How to scramble the Fiacaill Ridge, Cairngorms

This scramble packs most of its punch in its steep tail-end, but with phenomenal views and fantastic rock. If there’s a more entertaining route onto the Cairngorm plateau, we don’t know of it!

The steep walls of the ridge are impressive, just watch your step!

by Ben Weeks |
Updated on

Total distance 8.5km | Total ascent 660m | Scramble rating Grade 1-2 | Go there on a windless day after a dry spell

Coire an t-Sneachda is an intimidating place. Sheer dark headwalls that hold pockets of snow almost all year round tower over a gathering of small lochans, cupped in the bowl between lean, long ridgelines. It’s the playground of experienced climbers and winter mountaineers, but aside from the awesome scenery it offers very little for walkers.

Except that’s not entirely true…

The wind-scoured ruggedness of Coire an t-Sneachda is separated from the tracks, wires and general ugliness of the Cairngorm Mountain ski centre’s infrastructure in Coire Cas to the east by Fiacaill a’ Choire Chais – a gently climbing spur that provides a convenient if uninspiring route onto the Cairngorm plateau. At first glance, Fiacaill Coire an t-Sneachda on the western side of the corrie appears to be a twin to its neighbour; slightly steeper and slightly narrower, but otherwise a close match. And for the most part it is, but after reaching its own minor summit Fiacaill Coire an t-Sneachda goes through a Jekyll-to-Hyde transformation, becoming sharper, steeper, more exposed, and a whole lot more fun.

This is Fiacaill Buttress, more commonly known as Fiacaill Ridge – the Toothed Ridge – a solid, high-end Grade 1 scramble that will get you onto the plateau in style and with a smile on your face. Here’s how it goes…


From the Cairngorm Mountain Base Station, take the path heading south-west. After 0.5km ignore the path forking into Coire an t-Sneachda and continue ahead. After crossing the Allt Coire an t-Sneachda take a turning on the left and follow this path for another 0.5km before turning left again on a track heading up the nose of Fiacaill Coire an t-Sneachda.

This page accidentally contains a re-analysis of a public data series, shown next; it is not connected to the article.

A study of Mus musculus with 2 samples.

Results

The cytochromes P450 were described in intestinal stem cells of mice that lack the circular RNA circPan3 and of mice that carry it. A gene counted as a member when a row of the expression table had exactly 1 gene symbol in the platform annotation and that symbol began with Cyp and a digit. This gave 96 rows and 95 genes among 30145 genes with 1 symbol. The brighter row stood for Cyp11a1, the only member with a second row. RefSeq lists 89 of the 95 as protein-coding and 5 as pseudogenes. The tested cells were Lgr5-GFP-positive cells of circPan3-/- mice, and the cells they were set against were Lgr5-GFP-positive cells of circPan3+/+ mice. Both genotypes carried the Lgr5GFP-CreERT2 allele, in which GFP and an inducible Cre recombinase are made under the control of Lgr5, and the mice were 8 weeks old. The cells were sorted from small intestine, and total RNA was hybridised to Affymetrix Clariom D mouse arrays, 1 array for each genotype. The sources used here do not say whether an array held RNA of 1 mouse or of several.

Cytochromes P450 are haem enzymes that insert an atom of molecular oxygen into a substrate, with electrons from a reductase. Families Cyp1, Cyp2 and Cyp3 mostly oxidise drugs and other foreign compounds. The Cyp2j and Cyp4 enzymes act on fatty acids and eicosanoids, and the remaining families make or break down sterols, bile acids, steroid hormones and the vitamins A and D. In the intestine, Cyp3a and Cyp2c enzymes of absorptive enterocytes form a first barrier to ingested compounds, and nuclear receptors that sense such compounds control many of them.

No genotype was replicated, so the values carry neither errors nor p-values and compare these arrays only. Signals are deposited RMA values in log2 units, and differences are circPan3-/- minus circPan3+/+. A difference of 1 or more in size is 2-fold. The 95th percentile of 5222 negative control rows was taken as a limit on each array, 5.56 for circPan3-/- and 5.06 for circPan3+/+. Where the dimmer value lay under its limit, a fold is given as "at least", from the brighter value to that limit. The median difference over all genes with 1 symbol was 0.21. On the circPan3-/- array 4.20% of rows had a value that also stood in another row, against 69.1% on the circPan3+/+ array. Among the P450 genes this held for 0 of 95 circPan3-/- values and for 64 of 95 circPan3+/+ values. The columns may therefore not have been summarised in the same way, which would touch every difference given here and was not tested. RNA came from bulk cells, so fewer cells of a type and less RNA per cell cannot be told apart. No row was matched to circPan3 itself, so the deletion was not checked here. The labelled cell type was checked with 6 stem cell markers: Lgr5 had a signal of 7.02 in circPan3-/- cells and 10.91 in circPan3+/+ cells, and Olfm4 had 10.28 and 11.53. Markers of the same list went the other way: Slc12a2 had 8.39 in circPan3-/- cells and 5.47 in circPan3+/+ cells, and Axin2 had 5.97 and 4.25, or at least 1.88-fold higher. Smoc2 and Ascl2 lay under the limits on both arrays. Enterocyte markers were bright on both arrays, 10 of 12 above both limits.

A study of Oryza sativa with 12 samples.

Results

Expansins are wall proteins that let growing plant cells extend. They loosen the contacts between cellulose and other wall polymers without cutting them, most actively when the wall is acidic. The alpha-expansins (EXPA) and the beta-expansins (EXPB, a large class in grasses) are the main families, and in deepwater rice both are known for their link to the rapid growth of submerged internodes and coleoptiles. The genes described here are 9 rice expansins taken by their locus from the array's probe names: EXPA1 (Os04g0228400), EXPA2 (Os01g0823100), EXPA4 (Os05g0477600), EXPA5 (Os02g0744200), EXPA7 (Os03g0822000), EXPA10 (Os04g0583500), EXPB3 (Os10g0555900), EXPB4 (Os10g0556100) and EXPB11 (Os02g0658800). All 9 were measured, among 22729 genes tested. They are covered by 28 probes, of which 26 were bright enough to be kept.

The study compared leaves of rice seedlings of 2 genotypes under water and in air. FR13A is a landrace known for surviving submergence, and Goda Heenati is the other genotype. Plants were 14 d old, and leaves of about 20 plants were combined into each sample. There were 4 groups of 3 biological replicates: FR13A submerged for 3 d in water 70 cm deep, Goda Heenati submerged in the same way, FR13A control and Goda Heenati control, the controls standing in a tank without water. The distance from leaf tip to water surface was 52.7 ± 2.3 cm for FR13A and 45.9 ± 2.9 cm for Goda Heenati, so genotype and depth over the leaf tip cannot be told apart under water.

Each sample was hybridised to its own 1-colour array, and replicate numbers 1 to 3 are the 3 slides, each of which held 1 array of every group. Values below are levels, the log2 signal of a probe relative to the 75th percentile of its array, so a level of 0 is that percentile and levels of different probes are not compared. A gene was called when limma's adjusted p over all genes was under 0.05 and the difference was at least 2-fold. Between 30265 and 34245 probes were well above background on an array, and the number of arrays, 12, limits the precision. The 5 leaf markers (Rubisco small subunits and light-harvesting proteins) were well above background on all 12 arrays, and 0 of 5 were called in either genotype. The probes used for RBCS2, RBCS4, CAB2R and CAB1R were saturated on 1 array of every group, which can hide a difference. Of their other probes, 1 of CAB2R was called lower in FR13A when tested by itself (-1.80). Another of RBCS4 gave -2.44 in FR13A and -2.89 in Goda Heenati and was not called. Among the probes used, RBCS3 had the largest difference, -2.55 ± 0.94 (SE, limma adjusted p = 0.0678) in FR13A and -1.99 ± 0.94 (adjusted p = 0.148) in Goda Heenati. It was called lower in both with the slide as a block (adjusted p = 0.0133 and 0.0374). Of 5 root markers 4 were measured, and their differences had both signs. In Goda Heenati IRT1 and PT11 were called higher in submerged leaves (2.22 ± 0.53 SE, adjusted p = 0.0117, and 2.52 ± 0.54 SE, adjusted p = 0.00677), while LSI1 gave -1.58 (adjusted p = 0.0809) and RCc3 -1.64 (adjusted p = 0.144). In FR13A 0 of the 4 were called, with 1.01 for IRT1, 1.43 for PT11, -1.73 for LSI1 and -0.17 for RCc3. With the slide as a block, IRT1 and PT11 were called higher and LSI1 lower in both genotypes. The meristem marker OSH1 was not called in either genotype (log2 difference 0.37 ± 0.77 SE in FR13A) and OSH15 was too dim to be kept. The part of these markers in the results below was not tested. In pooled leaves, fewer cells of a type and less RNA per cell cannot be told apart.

After reaching the rocky ‘summit’ of Fiacaill Coire an t-Sneachda at around 1120m, descend gradually along the Striding Edge-like ridge to a small shingly saddle with lumpen blocks ahead. Go over or around these to arrive at another gravelly narrowing, with the main chunky ridge now directly ahead of you.

Scrambling on the Fiacaill Ridge in the Cairngorms
Getting stuck in to the rocky stuff beyond the ridge's easier ground. ©Tom Bailey, Trail magazine


Clamber up stepped rock and pick your way along the lumpen shapes on the top of the ridge, bypassing any that prove too awkward on the right. As the exposure builds to the left, a sudden steepening of the ridge signifies the start of more vertical and more serious scrambling.


Move around to the right to access an open groove with several rocky steps leading up to the crest. From here the onward ridge is obvious. Follow the obvious signs of traffic – polished rock, crampon scratches, and patches where the lichen has been worn away – on up the crest. The drops to the left are now huge, so take care near that edge.


The gradient flattens briefly, and an obvious path on the right bypasses the last sections of scrambling. But for the most fun, stick as close to the edge as you dare, admiring the elephant-skin texture of the towering granite cliff faces as you clamber over a series of slabby steps to what appears to be a rocky summit ahead.

Scrambling on the Fiacaill Ridge in the Cairngorms
Negotiating some big drops as the top of the ridge nears. ©Tom Bailey, Trail magazine


This summit is actually just a bump on the ridge, but it’s very near the end. After a few more scrambly blocks the ridge merges into the plateau just below the summit of Cairn Lochan.


If this has just been the start of your Cairngorm adventure, head out onto the plateau to continue exploring; Ben Macdui – Britain’s second highest summit – is about 4km away to the south. If you’re heading straight back down, you might be tempted to take the rough track that drops into Coire an t-Sneachda. However, this is loose and steep, and can be covered in snow well into the year. A better option is to head over Stob Coire an t-Sneachda and pick up the obvious path that heads north down Fiacaill a’ Choire Chais back to the Base Station and the car park.


Follow this route with HALF-PRICE digital Ordnance Survey Maps for the whole of Great Britain by subscribing to Trail magazine.